Pick 42 Foundation Providing Fresh Foods, Promoting Better Health In The Community

By Betsy Finklea
Providing fresh, locally grown food to the community and working to provide fitness activities and fun in an effort to promote better health are some of the things that the Pick 42 Foundation does.
Alicia Harrison Grice, president of the H2G Empire, and Miko Pickett and Terry Davis of the Pick 42 Foundation recently appeared at the Dillon City Council meeting to discuss the Change SC initiative.
Change SC is a new statewide initiative that “will connect South Carolinians living in food deserts with fresh, locally grown food while working to improve their eating habits and health outcomes,” according to a press release. The S.C. Department of Agriculture is working with the Pick 42 Foundation on a three-month pilot program that focuses on four Pee Dee region counties—Dillon, Marion, Marlboro, and Williamsburg, which are considered counties with high food insecurity rates, the press release said. The pilot program began November 1st. The Pick 42 Foundation runs Eat Local Pee Dee and is based in Mullins.
Miko Pickett, executive director of the Pick 42 Foundation, said they were one of 13 organizations receiving grants. The Pick 42 Foundation received $1 million to buy food from local farmers and give it away.
Every week, they distribute food to four counties. There are three sites in Dillon County—one in Latta at Highway 301 and Zelle Street at the home of Alicia Harrison Grice, one in Dillon at Great Expectations Church, and one in Lake View at the Lake View Community Center. The distribution at these sites is at 11:00 a.m. on Thursdays.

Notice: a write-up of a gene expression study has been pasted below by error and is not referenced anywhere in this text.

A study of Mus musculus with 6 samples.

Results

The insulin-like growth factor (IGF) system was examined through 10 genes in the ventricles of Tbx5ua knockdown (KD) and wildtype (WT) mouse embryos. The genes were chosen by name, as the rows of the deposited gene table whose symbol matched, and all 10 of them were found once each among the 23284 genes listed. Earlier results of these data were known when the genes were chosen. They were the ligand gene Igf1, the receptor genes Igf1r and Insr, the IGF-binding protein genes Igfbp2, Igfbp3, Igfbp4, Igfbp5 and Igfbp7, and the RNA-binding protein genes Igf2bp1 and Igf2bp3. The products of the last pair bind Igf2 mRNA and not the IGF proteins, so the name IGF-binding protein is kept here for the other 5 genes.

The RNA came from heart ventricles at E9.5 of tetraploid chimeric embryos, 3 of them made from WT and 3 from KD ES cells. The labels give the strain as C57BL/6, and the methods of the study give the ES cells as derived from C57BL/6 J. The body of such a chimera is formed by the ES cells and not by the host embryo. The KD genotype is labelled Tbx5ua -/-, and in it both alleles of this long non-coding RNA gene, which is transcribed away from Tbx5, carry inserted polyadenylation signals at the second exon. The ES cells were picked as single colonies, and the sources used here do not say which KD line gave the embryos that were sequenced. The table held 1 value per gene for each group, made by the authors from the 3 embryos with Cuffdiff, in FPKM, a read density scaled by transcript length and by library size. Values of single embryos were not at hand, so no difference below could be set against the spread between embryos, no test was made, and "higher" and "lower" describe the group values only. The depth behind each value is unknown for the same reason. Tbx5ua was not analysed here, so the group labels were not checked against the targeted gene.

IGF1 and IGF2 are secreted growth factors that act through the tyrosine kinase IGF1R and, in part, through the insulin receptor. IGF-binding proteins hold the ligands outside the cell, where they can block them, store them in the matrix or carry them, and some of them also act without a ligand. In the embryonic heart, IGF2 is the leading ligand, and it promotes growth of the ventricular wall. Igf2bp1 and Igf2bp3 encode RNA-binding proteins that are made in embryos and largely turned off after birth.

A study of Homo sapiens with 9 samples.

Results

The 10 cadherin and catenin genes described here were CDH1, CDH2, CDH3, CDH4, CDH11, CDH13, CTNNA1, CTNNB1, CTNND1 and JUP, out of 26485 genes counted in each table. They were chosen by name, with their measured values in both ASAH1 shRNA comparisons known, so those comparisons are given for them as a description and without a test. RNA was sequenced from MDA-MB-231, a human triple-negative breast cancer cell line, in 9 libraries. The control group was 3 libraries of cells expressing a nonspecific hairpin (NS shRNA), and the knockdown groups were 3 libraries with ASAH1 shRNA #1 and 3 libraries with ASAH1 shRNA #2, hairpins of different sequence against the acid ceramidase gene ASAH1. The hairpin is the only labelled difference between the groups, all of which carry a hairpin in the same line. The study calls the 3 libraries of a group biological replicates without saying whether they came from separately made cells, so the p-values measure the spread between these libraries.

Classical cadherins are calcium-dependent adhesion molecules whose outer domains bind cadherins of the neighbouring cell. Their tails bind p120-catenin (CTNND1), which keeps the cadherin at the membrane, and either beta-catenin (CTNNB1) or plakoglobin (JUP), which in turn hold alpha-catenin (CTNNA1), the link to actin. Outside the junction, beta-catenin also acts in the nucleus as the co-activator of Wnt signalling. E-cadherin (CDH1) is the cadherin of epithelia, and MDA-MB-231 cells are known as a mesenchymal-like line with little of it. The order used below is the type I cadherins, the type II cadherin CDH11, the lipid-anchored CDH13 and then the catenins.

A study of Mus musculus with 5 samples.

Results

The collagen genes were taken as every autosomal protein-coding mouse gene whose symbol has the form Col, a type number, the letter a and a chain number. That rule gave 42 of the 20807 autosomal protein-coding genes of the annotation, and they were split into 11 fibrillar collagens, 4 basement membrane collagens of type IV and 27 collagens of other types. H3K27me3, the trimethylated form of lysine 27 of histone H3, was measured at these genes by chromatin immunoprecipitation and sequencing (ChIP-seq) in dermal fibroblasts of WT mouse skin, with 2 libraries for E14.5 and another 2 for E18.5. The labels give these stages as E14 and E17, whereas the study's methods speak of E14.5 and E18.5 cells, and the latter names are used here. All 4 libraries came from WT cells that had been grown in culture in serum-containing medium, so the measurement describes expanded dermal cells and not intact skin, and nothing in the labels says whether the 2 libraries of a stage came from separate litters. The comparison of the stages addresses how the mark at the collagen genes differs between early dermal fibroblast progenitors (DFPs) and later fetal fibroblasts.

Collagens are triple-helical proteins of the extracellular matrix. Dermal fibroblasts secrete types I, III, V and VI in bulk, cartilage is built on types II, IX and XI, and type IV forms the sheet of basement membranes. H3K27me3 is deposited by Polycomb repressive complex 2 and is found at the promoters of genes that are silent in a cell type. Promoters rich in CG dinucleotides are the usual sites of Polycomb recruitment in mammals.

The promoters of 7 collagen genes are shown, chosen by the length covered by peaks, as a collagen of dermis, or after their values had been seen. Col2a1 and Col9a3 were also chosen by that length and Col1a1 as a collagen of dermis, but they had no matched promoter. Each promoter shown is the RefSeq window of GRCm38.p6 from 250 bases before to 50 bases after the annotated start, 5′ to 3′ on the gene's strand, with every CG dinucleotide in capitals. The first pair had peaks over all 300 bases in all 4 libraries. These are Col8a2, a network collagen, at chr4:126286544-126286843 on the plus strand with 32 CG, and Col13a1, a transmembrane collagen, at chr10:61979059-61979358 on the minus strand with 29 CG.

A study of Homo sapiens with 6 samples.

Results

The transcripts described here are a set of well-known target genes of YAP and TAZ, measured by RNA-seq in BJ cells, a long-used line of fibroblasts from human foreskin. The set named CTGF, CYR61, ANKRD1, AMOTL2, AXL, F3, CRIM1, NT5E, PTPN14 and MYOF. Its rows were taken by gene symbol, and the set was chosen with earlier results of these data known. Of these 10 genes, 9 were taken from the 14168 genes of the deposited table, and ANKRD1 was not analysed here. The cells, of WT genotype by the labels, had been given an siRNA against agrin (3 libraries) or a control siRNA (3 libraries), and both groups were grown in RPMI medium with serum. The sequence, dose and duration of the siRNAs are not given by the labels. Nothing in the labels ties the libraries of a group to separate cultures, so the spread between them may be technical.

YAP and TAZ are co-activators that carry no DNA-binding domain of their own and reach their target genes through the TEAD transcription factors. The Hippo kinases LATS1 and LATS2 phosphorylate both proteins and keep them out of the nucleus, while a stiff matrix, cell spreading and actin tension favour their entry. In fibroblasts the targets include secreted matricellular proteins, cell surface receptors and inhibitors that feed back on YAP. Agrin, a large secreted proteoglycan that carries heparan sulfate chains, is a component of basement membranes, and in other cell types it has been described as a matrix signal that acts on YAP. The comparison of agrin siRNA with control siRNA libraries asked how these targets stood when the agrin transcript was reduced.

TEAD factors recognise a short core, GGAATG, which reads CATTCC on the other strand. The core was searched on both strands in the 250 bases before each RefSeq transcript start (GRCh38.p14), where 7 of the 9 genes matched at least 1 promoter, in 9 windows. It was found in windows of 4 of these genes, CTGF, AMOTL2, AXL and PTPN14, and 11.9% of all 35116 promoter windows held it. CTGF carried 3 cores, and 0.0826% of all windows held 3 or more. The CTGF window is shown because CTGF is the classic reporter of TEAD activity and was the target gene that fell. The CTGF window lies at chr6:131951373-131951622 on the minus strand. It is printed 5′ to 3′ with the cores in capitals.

Project Director Terry Davis said in the four counties they serve they have 17 sites and 14 team leaders. Over 1600 families are served each week in the region. She said that they key to their success are the volunteers.
If the three-month pilot program is a success, they hope to do it another year. The program emphasizes the importance of access to fresh fruits and vegetables and the impact that they can have on one’s health.
One’s economic status does not matter. It is about providing access to fresh foods, which are sometimes not easily accessible. Fresh foods can also be expensive.
Harrison-Grice gave a personal account of how difficult it can be to access fresh, local foods and the expense involved in doing so.
A S.C. Department of Agriculture survey showed that “94 percent of rural South Carolinians understand that eating fresh, healthy fruits and veggies is somewhat to very important for their health, but the biggest barriers are price (60 percent) and availability (27 percent) in rural communities.”
The study also showed that “80 percent of South Carolina’s counties have food deserts.” Food deserts are areas where “residents without means have limited access to fresh, healthy food.” These “poor eating habits lead to health problems such as obesity and diabetes that, if left untreated, are deadly.” It notes that “obesity-related health spending alone costs the state $8.6 billion.”
In addition to their Eat Local Pee Dee project, the Pick 42 Foundation has five local community gardens and fitness programs such as Better Me for ages 55 and up. To learn more about the Pick 42 Foundation and their work, please visit their website, www.pick42 foundation. org.